Image credit to wikimedia.org.
Drug prosecutions in the UK are apparently expanding their scope. Several recent cases showcase a concerning enthusiasm for prosecuting activities of questionable illegality.
A shop on Vicar Lane in Leeds, has been raided on suspicious of selling so-called legal highs, or unscheduled synthetic drugs. Known as Dr. Herman’s, the shop was selling “substances suspected to be the subject of temporary bans.” The officers were told they were looking for “psychoactive substances that replicate the effects of banned drugs.”
Detective Chief Superintendent Dave Knopwood, head of protective services for West Yorkshire Police, made a “think of the children” appeal. “We remain very concerned,” he said, “that so-called ‘legal highs’ are being sold openly in our high streets and elsewhere, particularly given that this can make young people think they are something that they can take without risk.” Knopwood noted deaths associated with similar yet unspecified drugs and continued that “The trade is largely unregulated and tends to operate on the fringes of the law.” Knopwood was presumably unaware that one of the main arguments for legalization of drugs is the “unregulated” or unreliable nature of products sold “on the fringes of” or in violation of the law.
A similar shop was raided in neighboring Bradford.
In July of last year, Section 1 of the Intoxicating Substances (Supply) Act 1985 was used to convict a stall owner and his employee for selling a substance which was not clearly illegal. In this case, at least, the sale was more questionable as the purchaser was not an adult.
The substance, bought by a 16-year-old boy, was misleadingly called “a synthetic form of cannabis” by the Daily Mail. Although not named in the reporting, the substance was most likely a synthetic cannabinoid. Such drugs were designed for animal testing regarding the endocannabinoid system, a set of receptors in the brain which are involved with functions such as pain, memory, mood, and appetite. Despite this connection with cannabis, such drugs have often been reported to have more dramatic and dangerous effects than the common plant. Many of their names bear the initials of chemist John W. Huffman, who developed them. Huffman warns that they are not safe for human consumption. This does not imply, though, that criminal prosecutions are helping the situation.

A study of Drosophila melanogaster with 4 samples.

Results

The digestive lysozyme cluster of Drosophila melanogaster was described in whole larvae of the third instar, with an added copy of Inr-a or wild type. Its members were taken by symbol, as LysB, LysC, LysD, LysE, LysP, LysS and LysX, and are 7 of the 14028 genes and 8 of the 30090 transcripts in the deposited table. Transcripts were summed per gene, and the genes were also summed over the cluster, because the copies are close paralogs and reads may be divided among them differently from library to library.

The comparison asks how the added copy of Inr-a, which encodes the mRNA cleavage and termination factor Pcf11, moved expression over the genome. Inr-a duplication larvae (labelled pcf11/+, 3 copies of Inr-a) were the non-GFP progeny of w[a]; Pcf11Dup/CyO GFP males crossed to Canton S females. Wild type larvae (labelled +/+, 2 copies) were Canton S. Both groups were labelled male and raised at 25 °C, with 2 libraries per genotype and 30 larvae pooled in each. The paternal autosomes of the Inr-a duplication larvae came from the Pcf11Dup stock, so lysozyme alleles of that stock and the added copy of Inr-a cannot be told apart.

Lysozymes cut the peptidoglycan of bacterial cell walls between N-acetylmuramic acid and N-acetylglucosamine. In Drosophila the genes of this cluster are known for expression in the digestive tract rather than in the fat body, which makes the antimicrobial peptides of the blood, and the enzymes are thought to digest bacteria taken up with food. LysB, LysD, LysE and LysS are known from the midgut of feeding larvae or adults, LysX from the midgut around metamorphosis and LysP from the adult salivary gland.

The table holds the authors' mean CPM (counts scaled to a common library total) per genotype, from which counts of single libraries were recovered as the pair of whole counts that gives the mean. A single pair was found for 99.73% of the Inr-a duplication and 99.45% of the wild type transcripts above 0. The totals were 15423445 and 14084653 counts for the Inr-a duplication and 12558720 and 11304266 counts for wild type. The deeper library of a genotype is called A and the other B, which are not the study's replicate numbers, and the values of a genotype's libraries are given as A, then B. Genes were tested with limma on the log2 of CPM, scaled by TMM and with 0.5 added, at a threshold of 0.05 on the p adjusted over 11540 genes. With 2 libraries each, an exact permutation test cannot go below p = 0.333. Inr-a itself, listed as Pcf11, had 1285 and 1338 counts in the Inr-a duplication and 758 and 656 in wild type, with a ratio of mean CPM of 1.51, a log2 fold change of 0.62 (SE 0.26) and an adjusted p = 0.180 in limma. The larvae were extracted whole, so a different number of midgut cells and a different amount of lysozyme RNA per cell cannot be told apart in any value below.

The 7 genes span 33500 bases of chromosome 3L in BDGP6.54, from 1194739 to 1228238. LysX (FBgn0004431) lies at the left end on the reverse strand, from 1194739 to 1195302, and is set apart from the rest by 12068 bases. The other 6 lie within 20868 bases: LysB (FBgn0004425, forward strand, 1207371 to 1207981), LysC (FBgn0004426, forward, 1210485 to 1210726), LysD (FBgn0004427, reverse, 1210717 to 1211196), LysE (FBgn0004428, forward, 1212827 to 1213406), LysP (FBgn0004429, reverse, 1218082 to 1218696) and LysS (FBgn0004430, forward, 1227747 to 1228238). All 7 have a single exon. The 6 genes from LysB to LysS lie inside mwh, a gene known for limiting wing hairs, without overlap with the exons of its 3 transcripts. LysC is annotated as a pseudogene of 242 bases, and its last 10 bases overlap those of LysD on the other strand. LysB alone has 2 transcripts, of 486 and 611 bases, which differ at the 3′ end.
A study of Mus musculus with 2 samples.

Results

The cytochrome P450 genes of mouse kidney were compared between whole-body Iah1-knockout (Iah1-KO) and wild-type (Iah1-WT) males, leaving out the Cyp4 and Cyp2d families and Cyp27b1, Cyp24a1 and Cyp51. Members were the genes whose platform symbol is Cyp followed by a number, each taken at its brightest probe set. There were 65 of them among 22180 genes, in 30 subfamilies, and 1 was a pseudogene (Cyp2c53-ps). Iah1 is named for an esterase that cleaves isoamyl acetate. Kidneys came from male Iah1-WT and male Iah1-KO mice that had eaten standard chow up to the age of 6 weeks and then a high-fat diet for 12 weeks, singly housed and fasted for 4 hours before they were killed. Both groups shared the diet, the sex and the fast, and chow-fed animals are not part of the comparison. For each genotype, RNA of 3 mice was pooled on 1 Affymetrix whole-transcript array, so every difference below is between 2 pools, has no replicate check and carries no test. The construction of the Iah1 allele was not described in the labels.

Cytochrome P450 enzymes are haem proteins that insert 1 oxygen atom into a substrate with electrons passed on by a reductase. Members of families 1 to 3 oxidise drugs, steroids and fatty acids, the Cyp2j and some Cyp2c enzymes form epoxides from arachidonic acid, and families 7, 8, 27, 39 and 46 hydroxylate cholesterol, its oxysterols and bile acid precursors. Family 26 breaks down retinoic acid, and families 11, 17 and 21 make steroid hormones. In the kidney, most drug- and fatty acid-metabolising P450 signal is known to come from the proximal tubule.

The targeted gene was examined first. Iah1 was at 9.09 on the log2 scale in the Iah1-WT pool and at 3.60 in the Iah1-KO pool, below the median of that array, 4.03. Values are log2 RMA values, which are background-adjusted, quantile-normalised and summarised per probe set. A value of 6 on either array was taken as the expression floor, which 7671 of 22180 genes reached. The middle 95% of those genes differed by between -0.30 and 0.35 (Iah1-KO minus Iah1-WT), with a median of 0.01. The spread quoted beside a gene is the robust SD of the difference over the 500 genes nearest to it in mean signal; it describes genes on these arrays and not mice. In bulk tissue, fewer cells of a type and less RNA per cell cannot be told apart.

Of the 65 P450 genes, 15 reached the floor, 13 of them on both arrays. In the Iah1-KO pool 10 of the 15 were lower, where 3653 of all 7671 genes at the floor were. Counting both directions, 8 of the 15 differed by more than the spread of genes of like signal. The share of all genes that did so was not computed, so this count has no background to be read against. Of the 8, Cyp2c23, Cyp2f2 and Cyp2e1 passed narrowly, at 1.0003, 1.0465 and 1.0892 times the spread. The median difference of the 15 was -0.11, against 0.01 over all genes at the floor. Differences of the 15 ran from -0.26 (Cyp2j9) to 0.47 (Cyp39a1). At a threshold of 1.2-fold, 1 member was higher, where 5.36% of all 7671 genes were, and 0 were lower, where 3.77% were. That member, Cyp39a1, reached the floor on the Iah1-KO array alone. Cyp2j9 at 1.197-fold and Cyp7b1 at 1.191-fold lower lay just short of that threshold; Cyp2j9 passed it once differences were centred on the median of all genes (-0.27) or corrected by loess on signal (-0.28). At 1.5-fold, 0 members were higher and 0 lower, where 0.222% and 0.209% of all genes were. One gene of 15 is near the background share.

The employee alone, Kebba Kujabi, was actually involved in the sale, but both he and Hamayan Parwani were convicted. Both were given conditional discharges. Although it has since been banned, the particular drug the teenager bought was not scheduled at the time of the offense.
In the Parwani case, Chief Superintendent Paul Money was quoted making a similar claim to Chief Superintendent Knopwood. The synthetics’ legality again somehow “makes some people, particularly the young, feel they can take them without risk.” How a product’s mere legality could give the impression of absolute safety is difficult to imagine, especially considering the legality of alcohol, tobacco, and household poisons such as iodine and bleach.
The owner of another shop in Leeds, called Fantasia, was recently convicted for providing “equipment that would be used by drug-takers.” The materials in question included bongs, grinders, and plastic bags. Hassan Abbas and shop assistant Owen Allerton were given conditional discharges and ordered to pay court costs, while Abbas was fined £800.
The Guardian quotes criminal defense attorney Richard Parry, who has defended against similar prosecutions in the past. Parry explains that the case is significant in that “these people happen to be the only people who have actually been convicted” for such an offense.
The Home Affairs Select Committee has defended this type of prosecution, and is reportedly writing to police commissioners around the country to encourage more of it. The prosecution was based on section 9A of the Misuse of Drugs Act. This provision requires prosecutors to prove that the defendant believed that the goods in question would be used for the consumption of illegal drugs.
In the US, the Federal Analog Act allows prosecution of unspecified substances which are imitate or allegedly intended to imitate, and are chemically similar to, any type of illegal drug. In New Zealand, by contrast, a law has been passed to legally license the sale of some of these compounds, on the condition that they pass safety testing. As in drug policy in general, the UK would do well to avoid imitating the policies of the US federal government. As even the American Public Health Organization has now agreed, abandoning strict prohibitionist laws would be a much more responsible strategy for addressing any risks drugs pose to public health.